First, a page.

I am blessed to have one the worlds most beautiful workplaces. I instruct sea kayakers in Sydney Harbour. My students learn to roll, brace, carve turns and paddle in sheltered bays bounded by parkland and native bush and all of this set against the backdrop of Sydney's skyline.
Then we take these skills to the open water of coastal Sydney. Leaving the Harbour and the bold sandstone cliff lines of North and South Head, we find ourselves in a far wilder and less controlled environment.
Exotic visitors and charming locals accompany us on our lessons. Humpback whales come and go on their seasonal migration, casting a watchful eye over our deepwater rescues. At times Dolphins ride our bow waves and Penguins fish along the rocks making a little barking noise that helps us spot them as they "fly" under our boats.
One of my favourites are the less obvious but abundant flying fish which seem to be startled and take to the air as we surf across their path riding the afternoon Sea breeze .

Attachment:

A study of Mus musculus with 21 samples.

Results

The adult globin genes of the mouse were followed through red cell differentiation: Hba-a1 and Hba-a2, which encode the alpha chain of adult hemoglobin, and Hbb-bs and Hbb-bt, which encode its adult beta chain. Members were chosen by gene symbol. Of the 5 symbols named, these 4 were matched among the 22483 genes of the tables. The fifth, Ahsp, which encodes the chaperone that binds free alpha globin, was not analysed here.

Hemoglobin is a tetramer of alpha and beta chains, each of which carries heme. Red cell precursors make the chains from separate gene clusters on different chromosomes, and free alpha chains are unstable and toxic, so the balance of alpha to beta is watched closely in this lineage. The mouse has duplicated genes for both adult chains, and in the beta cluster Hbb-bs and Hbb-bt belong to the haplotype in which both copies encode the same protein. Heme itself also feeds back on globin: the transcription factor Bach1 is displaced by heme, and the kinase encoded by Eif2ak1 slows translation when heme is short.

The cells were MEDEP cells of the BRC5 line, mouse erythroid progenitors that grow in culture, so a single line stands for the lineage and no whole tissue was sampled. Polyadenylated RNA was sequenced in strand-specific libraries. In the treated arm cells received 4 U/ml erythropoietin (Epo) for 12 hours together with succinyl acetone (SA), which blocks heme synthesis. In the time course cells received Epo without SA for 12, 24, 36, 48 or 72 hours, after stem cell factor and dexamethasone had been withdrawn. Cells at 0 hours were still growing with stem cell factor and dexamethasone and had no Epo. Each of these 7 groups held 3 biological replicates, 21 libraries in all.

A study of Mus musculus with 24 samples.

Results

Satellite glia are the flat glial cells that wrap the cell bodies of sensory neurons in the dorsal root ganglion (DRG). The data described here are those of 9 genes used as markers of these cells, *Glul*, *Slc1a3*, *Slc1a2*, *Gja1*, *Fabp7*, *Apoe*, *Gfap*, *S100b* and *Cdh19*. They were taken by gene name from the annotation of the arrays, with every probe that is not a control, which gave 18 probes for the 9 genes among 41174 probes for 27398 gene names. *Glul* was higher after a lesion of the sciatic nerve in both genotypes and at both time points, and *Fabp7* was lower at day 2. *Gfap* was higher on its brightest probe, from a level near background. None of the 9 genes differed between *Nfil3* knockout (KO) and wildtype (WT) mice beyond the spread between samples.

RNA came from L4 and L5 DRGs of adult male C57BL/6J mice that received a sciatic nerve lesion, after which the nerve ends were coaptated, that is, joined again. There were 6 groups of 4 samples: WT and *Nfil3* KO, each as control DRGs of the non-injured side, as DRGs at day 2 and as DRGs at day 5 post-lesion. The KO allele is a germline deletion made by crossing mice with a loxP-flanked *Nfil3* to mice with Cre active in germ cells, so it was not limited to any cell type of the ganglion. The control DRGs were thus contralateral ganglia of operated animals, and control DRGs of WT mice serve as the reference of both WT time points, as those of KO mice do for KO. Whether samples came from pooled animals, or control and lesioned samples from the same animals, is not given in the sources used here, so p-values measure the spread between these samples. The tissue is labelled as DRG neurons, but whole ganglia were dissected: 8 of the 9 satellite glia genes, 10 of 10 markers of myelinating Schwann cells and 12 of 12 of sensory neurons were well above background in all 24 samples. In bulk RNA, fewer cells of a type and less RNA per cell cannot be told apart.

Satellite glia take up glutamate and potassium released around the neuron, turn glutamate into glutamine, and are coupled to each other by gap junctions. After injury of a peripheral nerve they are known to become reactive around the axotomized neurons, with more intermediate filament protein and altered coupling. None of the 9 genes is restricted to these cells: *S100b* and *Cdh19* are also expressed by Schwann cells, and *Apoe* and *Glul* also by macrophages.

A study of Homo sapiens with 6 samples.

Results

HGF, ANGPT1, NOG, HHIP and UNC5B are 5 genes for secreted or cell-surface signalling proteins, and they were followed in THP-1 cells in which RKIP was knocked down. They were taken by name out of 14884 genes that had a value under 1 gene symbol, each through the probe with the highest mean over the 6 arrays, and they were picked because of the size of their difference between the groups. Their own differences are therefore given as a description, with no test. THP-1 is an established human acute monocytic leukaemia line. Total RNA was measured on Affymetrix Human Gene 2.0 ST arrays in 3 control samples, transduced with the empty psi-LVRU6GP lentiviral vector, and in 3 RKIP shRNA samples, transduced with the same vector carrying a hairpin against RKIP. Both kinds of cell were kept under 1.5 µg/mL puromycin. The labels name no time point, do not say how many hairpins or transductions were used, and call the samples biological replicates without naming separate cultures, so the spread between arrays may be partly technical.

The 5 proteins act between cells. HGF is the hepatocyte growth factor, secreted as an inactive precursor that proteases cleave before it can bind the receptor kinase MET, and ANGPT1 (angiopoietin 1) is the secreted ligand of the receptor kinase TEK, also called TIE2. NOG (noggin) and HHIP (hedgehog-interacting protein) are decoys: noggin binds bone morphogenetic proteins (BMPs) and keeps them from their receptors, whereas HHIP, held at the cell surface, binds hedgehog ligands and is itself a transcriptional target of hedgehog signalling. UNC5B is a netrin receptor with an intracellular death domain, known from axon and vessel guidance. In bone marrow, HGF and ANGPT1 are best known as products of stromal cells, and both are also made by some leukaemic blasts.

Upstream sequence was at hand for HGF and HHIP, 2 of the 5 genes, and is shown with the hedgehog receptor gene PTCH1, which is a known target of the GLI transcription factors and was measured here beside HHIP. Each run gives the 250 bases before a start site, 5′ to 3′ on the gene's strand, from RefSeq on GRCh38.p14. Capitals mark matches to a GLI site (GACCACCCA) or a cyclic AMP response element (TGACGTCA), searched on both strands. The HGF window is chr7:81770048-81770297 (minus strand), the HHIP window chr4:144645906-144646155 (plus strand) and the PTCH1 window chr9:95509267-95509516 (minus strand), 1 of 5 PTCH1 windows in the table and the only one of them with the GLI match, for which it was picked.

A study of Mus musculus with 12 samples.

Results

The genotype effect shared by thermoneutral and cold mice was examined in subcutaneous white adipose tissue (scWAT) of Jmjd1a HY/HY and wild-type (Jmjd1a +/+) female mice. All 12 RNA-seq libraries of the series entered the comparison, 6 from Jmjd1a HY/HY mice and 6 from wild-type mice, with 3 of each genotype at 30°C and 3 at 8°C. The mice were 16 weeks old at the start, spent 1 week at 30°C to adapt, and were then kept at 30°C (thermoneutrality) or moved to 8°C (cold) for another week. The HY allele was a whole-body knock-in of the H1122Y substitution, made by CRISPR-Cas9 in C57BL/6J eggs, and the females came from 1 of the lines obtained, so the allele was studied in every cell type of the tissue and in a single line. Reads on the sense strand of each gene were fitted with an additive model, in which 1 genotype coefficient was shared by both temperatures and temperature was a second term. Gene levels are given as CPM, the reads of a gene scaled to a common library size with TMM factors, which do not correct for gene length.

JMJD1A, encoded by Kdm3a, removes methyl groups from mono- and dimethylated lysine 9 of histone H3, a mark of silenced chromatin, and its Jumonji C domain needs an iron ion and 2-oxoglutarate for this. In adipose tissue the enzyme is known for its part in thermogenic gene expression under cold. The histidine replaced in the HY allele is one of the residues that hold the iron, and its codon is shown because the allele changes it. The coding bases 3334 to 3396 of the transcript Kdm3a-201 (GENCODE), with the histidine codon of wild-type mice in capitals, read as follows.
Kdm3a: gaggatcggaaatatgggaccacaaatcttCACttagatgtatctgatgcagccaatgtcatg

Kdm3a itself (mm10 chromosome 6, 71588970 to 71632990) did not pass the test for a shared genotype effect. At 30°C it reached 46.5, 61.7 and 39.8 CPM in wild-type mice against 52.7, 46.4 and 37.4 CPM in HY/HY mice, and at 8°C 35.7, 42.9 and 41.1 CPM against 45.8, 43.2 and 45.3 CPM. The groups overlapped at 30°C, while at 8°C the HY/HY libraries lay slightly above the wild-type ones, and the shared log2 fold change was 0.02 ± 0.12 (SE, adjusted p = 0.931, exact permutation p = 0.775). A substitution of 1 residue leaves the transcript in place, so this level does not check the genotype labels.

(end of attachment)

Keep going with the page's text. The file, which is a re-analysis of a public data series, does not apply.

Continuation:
These less celebrated 'locals' play a special part in my training programs. For the last few years they have been a regular feature of my open water paddling around Sydney, but not for everyone.
Paddlers new to the open sea environment are often so focused on the waves that they paddle in their own 'zone'. Engaging with the waves is all consuming and leaves little space in their line of sight for the transient skimming flight of these elegant creatures.
I have given up trying to point them out. On a moderate day the flying fish are more easily stirred into flight but seldom seen by the new paddler who is totally engrossed in staying upright and on course.
Having the composure and balance to scan the broader horizon is the first step towards
spotting the flying fish as they glide back to the surface.
I always smile when I hear the exclamations that usually accompany successful completion of "the flying fish test."